Tuesday, 18 May 2010

KUROSAWA Remakes: they aren't all bad...

The news that Chris Rock is re-writing Akira Kurosawa's 'High and Low' (one of my favourite movies of all-time) for Mike Nichols to direct, has made me think about remakes. Usually, and probably rightly, remakes are dismissed as rubbish before they have even been released. There is this idea that they are terrible movies by default: that no movie should ever be remade at all. I wish to refute that logic here and now, looking specifically at remakes of Kurosawa films, which generally seem to be quite good...

Remade at the hands of John Sturges and starring Steve McQueen and Yul Brynner (among others), Kurosawa's 'The Seven Samurai' (1954) became 'The Magnificent Seven' in 1960.

Kurosawa would again see one of his finest Samurai pictures turned into a western, when 'Yojimbo' (1961) was unofficially (but blatantly) remade by Sergio Leone a few years later as 'A Fistful of Dollars' in 1964. Some scenes are shot-for-shot reproductions of those from the earlier movie, with the long "three coffins" tracking shot through the town virtually identical in both. Clint Eastwood has also admitted that he heavily based his depiction of the "the man with no name" on Toshiro Mifune's.

It is often said that Kurosawa's 'The Hidden Fortress' (1958) was the main source of inspiration for George Lucas' first 'Star Wars' film in 1977. Lucas has said that the two comedy-relief peasants from the Japanese film were the direct inspiration for R2-D2 and C3P0, as he liked the fact the narrative seemed to be told from the point of view of the lowliest characters. There is also a Princess in peril who the band of heroes must rescue and add to that Toshiro Mifune as 'the General', who is very much a model for Han Solo (an antagonistic rouge with a good heart who wins the Princess with whom he argues - although Lucas tried to cast Mifune as Obi-Wan Kenobi). From a technical point of view, Lucas also borrowed Kurosawa's use of screen wipes and the horse chase sequence seems to have been an inspiration for the speeder bike sequence in the later 'Star Wars' sequel: 'Return of the Jedi' (1983). Lucas' love of Kurosawa movies was made even clearer in 1980, when he and Francis Ford Coppola helped the Japanese master fund his epic 'Kagemusha'.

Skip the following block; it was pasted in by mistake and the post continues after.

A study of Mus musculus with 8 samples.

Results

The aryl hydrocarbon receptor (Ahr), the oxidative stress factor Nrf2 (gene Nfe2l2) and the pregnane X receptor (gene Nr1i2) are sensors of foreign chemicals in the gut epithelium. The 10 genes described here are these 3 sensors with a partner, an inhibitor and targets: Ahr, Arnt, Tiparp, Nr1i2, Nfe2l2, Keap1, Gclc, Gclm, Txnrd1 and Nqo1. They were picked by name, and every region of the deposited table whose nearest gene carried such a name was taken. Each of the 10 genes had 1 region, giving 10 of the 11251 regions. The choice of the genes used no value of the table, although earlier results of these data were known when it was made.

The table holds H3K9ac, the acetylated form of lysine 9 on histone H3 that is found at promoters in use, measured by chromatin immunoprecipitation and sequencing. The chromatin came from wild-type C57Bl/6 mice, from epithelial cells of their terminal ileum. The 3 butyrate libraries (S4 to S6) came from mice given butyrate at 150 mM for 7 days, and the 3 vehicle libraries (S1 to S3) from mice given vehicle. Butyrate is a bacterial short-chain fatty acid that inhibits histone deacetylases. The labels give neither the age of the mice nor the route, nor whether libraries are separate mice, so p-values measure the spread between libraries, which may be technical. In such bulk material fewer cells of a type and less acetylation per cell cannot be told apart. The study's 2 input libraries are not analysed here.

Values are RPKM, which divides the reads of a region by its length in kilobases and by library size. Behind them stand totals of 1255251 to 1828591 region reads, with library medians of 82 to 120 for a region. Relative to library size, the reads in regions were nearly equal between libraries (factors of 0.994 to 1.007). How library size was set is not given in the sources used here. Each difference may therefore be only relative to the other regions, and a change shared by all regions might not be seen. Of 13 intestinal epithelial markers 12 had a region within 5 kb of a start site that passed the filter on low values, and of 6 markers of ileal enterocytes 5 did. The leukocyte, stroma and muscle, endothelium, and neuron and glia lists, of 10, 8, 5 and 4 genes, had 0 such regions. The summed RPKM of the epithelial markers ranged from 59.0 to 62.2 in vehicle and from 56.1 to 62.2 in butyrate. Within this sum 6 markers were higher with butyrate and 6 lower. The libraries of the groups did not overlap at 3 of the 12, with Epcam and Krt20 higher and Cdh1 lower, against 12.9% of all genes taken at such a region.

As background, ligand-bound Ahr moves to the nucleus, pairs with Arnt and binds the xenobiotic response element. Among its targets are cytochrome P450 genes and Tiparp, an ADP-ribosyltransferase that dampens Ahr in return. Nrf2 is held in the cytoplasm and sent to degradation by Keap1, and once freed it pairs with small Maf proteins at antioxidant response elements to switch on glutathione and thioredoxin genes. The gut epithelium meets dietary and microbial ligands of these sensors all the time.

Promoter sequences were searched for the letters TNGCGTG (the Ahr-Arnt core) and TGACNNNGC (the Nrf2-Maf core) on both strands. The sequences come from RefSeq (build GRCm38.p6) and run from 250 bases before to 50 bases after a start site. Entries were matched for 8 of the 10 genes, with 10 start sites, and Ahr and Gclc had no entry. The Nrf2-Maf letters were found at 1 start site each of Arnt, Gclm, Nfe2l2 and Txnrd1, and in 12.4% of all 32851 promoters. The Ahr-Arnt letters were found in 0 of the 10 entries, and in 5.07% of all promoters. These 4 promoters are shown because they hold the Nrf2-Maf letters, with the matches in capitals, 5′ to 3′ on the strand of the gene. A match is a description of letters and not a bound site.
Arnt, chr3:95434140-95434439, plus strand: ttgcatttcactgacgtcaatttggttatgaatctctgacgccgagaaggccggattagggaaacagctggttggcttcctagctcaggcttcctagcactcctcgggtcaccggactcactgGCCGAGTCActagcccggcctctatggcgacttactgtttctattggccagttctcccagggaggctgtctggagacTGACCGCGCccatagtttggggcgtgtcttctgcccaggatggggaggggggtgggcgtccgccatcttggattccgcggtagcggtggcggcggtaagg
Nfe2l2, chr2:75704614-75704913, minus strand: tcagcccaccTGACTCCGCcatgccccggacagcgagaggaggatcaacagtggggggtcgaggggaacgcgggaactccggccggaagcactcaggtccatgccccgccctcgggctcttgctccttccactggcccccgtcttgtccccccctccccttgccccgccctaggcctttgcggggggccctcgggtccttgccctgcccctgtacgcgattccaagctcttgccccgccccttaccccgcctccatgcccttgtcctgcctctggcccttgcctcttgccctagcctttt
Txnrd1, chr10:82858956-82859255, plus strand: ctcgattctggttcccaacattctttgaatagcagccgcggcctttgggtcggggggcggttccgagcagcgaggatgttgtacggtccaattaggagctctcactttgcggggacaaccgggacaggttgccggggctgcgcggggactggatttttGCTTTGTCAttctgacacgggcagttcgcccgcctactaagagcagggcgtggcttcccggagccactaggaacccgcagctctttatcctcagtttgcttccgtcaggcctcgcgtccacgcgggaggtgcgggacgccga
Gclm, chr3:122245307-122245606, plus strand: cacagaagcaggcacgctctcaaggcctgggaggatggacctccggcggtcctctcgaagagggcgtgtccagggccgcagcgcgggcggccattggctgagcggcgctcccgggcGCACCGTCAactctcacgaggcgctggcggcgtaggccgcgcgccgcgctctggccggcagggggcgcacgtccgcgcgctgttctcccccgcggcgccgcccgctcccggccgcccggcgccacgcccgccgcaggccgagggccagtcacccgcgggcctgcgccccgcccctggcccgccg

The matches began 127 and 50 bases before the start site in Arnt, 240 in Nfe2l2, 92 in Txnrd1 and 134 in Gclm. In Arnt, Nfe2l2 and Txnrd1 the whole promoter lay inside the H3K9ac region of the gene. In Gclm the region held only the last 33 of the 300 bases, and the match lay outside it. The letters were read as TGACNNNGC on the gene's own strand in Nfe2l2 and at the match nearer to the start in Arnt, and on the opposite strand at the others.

Of course, there have been some less good ones too...

In 1996 'Last Man Standing', starring Bruce Willis, was a direct remake of 'Yojimbo' which fared rather less well than Leone's:

Many films have been inspired by Kurosawa's 1950 film 'Rashomon', with the so-called 'Rashomon effect' being when the same story is told from multiple, changing points of view, shedding new light on an event. However, one film, 1964's 'The Outrage'
(starring Paul Newman as a Mexican bandit, no less)...

Here is how all that should have looked:


  1. You forgot to mention A Bugs Life! :P I agree though, some remakes of Kurosawa's works have been great and I'm not generally against remakes at all (it's more prequels and unnecessary sequels that piss me off). Some notable remakes which pwned:

    The Thing
    Red Dragon
    Vanilla Sky
    Dawn of the Dead
    Funny Games
    King Kong
    The Hills Have Eyes
    The Fly
    Night of the Living Dead
    Cape Fear

  2. Good shout on 'The Fly' and 'The Thing'!